Netflix has come under fire recently for being perceived as the new dumping ground for the kinds of films that used to be direct-to-DVD releases. The disappointing Cloverfield Paradox rode a wave of Super Bowl promotion buzz for a few hours before it was revealed to be a ho-hum sci-fi yarn that was all sizzle and no steak. Before that, the streaming service had been fattening up on so-so fare that movie studios were more than happy to pass on over concerns about disappointing box office or soul-crushing critical reviews.
This seems especially true in the sci-fi/horror department, a genre already prone to overhyped schlock. It didn’t help matter that their own overhyped fantasy release, Bright, was a complete mess that did little to assuage people that Netflix understands what it’s doing.
Still, sci-fi and horror are also genres in which, even when you’re not trying, gems can slip through and surprise even the most jaded viewers. Because those genres are so loaded with films that put all their focus on CGI and gore, good movies that tell interesting stories and play around with themes can shine through just by existing.
The Ritual, which premiered on Netflix over the weekend, isn’t going to take home any awards, but it stands out from the pack as a horror film willing to play around with worthwhile ideas while also trying to scare your pants off.
Five friends gather at the local pub for what is becoming an ever-infrequent gathering between them as they get older. The topic of discussion, where to celebrate an upcoming birthday, continues as Luke (Rafe Spall) begs Rob (Paul Reid) to join him in a convenience store on the way home to buy a bottle of booze. That fateful decision leads to Robert’s death when they unwittingly stumble on a robbery in progress.
Fast-forward six months and Luke, Hutch (Robert James-Collier), Phil (Arsher Ali), and Dom (Sam Troughton) follow through on plans to hike a trail in northern Sweden’s Sarek National Park, partly in Rob’s honor. When Dom injures his knee, they decide to take a shortcut through a heavily wooded area. As often happens in these situations, creepy and disturbing things start happening shortly thereafter.
The premise is simple; you’ve probably seen countless films that have used that kind of construct before. And it’s not as though The Ritual breaks the mold in any real sense. However, the David Bruckner-directed film makes a very conscious decision early on to make everything that happens a reflection of the inner turmoil tearing Luke apart. While so many other horror movies often sideline thematic and character issues in the name of blood and guts, this one constantly reminds you of how awful Luke feels about what happened, that he blames himself for his cowardice, and that his fears have been a life-long affliction that may just be his downfall.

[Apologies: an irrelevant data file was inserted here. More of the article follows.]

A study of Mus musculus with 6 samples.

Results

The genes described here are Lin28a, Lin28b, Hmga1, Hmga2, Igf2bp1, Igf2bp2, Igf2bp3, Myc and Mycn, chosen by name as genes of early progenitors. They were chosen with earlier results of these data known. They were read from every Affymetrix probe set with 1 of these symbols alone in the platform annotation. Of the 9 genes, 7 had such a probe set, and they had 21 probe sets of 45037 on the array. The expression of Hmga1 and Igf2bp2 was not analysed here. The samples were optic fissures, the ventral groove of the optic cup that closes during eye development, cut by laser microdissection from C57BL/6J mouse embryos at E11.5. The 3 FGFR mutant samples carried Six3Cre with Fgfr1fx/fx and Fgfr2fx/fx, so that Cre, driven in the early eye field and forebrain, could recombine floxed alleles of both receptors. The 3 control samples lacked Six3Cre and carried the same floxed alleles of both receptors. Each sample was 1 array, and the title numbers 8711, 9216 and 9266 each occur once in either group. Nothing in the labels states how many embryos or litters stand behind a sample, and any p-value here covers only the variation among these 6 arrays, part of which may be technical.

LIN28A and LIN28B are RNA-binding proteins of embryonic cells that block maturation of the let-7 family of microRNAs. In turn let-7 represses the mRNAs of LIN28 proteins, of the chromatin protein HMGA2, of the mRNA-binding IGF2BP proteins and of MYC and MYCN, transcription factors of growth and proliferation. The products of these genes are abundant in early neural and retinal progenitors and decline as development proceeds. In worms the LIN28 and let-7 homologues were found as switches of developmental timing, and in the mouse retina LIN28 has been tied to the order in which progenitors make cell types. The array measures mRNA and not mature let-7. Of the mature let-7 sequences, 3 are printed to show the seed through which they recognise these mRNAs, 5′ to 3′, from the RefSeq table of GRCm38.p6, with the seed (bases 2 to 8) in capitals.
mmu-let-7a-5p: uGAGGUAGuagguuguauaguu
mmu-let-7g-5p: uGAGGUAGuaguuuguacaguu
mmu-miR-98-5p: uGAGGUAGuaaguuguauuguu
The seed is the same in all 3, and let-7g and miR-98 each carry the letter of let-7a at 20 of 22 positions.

The Ritual is quite literal in that respect. The monster at the heart of the conflict here is undeniably meant to be a representation of the emotion of fear. It’s pretty much that simple. There is some Norse mythology and plenty of disturbing imagery in play to give it an interesting backstory, but ultimately it’s as if Luke and his friends are being stalked by fear itself and their ability to overcome it determines who lives, who dies, and who spends eternity worshipping at its feet (literally).
It’s a simple idea and maybe too simple for some viewers, but the road to hell is paved with overly complicated horror films. Sometimes the simplest ideas are the most effective. It Follows, The Strangers and The Babadook all come to mind. Simplicity allows films like these to actually poke and prod your brain with ideas while paying off the blood and gore.
Rafe Spall (Black Mirror, Prometheus) has quietly (at least in America) put together a solid resume of roles that are setting him up for future stardom. James-Collier, who is best-known as duplicitous footman Thomas in Downton Abbey, gets a chance to break free from the character and show off some potential as a leading man down the road.
There are pitfalls to the strategy the film takes. Because so much of the focus is on Luke, his trio of friends are basically doomed to be “red shirts” instead of fleshed-out characters. Phil, especially, never rises above “the fourth one” in terms of character development. With Hutch, it feels like there’s at least one scene missing where we get our hooks into him just enough for the impact of his story to hit us harder. As for Dom, he gets something of a character arc but a key emotional moment late in the film doesn’t quite land as it should because we didn’t get enough setup earlier.
That aside, The Ritual follows through on its premise. If you’ve seen the trailer, you pretty much get what you hope to out of that story and that’s not a complaint. So often a film like can fail to live up to the trailer or the poster, but the palpable dread and strong focus on theme keeps The Ritual on brand and provides a satisfying character throughline. It also leaves you wondering just how in the hell anyone is going to explain what happened here after the fact.